Although it was suspected it still took 18 months to officially diagnose her with unilateral hearing loss. Having had to wait almost two years to finally get an answer about her daughter’s hearing loss, Tracy Pursifull, Celia’s mother, was glad to know the diagnosis.
“I was honestly relieved,” says Tracy. “ I had suspected it since the first time she had that newborn screen at one day old. She wasn’t talking and was clearly having difficulties hearing in different environments, so while the first facility wanted me to follow up a year later after their 10-month test, I pushed for every month until they could give her a diagnosis. At the new facility, the audiologist later told me how surprised she was at how well I took the news when they told me she did, in fact, have hearing loss and we could get her a hearing aid. I had been researching and chasing for 18 months, I was happy and I was ready!“
Once Celia was diagnosed with unilateral hearing loss, her family started the search for hearing technology. They were looking for the best way to help their daughter. By the time she was two years old, her hearing loss had progressed to profound, leaving them with limited technology options.
The first device they tried was an FM system, the Phonak iSense Micro, which Celia wore in the better ear. This worked well and she used it until she was five years old. Unfortunately, Celia suffered from a bad ear infection that led to a perforation in her eardrum. This gave her a conductive hearing loss in her better hearing ear. During that time she had to switch technology and use a BAHA device while her ear healed to allow her ear to heal.
Once her ear healed her family tried the Phonak CROS. In the end, the CROS device wasn’t a successful option and she would soon be starting school. It was an ongoing journey of trial and error for the Pursifull family, trying to find the best solution for Celia.
Next, her family decided to try a unique solution, Phonak Sky V for her hearing ear paired with a Roger system. Again they had found a solution that worked well for Celia at that stage in her development/life. This ended up being a temporary solution and her family began looking into getting a cochlear implant for her deaf ear. With the background noise of being in school, listening with just one ear was getting difficult for Celia.
When she was six years old, she was implanted with an Advanced Bionics Naida CI in her left ear.
“Today, she is using a combination of the CI in her left ear with that same Sky V hearing aid as a link to her Roger system in her right and it has been the perfect setup for her!” Tracy explained.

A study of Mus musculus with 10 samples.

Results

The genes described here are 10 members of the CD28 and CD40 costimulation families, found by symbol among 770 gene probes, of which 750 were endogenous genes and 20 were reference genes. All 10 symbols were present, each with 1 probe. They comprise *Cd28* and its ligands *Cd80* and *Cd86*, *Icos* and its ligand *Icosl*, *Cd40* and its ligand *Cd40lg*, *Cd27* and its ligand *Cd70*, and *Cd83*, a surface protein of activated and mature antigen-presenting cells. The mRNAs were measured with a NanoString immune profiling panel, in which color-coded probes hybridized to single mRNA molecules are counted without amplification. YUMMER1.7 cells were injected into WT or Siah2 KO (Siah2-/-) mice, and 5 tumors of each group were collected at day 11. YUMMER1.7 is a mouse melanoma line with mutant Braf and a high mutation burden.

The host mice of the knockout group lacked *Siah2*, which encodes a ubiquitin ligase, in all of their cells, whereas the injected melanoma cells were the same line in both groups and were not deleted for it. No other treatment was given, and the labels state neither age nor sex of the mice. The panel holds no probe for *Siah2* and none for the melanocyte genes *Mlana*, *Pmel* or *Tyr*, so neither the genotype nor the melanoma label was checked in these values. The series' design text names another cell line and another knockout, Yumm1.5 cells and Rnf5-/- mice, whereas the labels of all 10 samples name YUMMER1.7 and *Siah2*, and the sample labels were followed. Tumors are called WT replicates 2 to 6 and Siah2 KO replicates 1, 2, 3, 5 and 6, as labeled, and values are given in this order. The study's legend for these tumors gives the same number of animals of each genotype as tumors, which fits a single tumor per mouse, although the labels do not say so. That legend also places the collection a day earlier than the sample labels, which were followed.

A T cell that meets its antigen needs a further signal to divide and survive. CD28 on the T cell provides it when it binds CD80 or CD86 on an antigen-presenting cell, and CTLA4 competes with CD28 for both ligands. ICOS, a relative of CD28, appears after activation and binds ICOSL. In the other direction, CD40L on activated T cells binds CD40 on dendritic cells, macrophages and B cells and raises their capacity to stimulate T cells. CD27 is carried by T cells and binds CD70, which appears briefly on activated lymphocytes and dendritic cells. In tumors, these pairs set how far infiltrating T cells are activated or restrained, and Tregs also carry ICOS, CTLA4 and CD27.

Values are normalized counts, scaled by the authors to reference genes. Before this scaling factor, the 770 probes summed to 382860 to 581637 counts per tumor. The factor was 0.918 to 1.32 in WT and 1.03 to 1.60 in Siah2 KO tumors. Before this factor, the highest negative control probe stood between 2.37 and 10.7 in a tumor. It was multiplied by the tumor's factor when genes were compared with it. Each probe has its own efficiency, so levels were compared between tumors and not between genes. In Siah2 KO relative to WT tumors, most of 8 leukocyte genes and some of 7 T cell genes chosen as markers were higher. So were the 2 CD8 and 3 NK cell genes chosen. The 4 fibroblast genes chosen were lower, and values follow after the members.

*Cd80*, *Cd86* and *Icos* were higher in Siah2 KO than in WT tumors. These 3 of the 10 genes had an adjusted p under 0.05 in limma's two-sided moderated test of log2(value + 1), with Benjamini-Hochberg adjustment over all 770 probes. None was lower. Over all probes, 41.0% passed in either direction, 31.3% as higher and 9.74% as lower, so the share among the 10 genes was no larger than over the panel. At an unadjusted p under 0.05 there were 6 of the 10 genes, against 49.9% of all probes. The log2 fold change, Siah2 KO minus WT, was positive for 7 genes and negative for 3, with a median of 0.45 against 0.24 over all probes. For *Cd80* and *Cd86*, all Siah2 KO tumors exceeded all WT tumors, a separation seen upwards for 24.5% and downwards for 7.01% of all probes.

Tracy also mentions that despite the struggle to find the right technology, she is still grateful for each of the technologies that Celia used over the years.
“At 18 months old, she still wasn’t talking. She was very affected by that mild-moderate loss in one ear. Within weeks of starting with her hearing aid, she started talking and caught up very very quickly. Just last month, she was one of the main characters in her first school play!”
Due to the lack of research on unilateral hearing loss, it’s not uncommon for hearing care professionals to advise against using hearing technology. Now with more research being done, it is clear that children with unilateral hearing loss are at risk for speech and language delays and difficulty at school. Children with UHL can benefit from using hearing technology because one ear is not enough for a full listening experience.
As Tracy was figuring out the best path for her daughter, she experienced a lack of support as she tried to find the right solution.
“In the beginning of our journey, I didn’t know anyone with any degree of hearing loss or any parents of children with hearing loss and I was left to find our way on my own,” says Tracy. “I wasn’t referred to any agencies, I wasn’t given any informational packets, I was just left with nothing because it was considered a non-issue.”
Despite the challenges that come along with finding the right technology for Celia’s unilateral hearing loss, Tracy and Celia have remained positive.
“Her hearing loss never scared me or intimidated me, and we’ve always talked about her hearing loss as something we are proud of,” says Tracy. “It is one of the things that makes her who she is! Today, at eight years old, she proudly talks about her hearing loss and loves to show off her devices.”
Tracy also recommends keeping a positive attitude and staying optimistic through the trial and error of trying different hearing technology.
“It can definitely feel discouraging and overwhelming at times. Put parents should keep at it because when they find the technology that works great, they will be so relieved. They can then use their experiences to try and help someone else who is just starting to figure all this out or someone who feels they’ve exhausted all of their options.”
She also recommends that parents keep in mind of the trial and error process that comes with finding your children hearing technology. Although you may try a specific kind of hearing technology once and it doesn’t work, don’t let that stop you from trying it again.
“We went through so many different devices, and we tried using them in all kinds of different ways until we found what worked best for Celia. Also, while a technology may not be suitable for you at a certain stage, it may become helpful later. We started with a hearing aid, went through other devices, then circled back around to a hearing aid again after her needs changed. You might find using more than one technology is actually the perfect combination!“
What hearing technology has worked best for your child’s unilateral hearing loss? Let us know in the comments!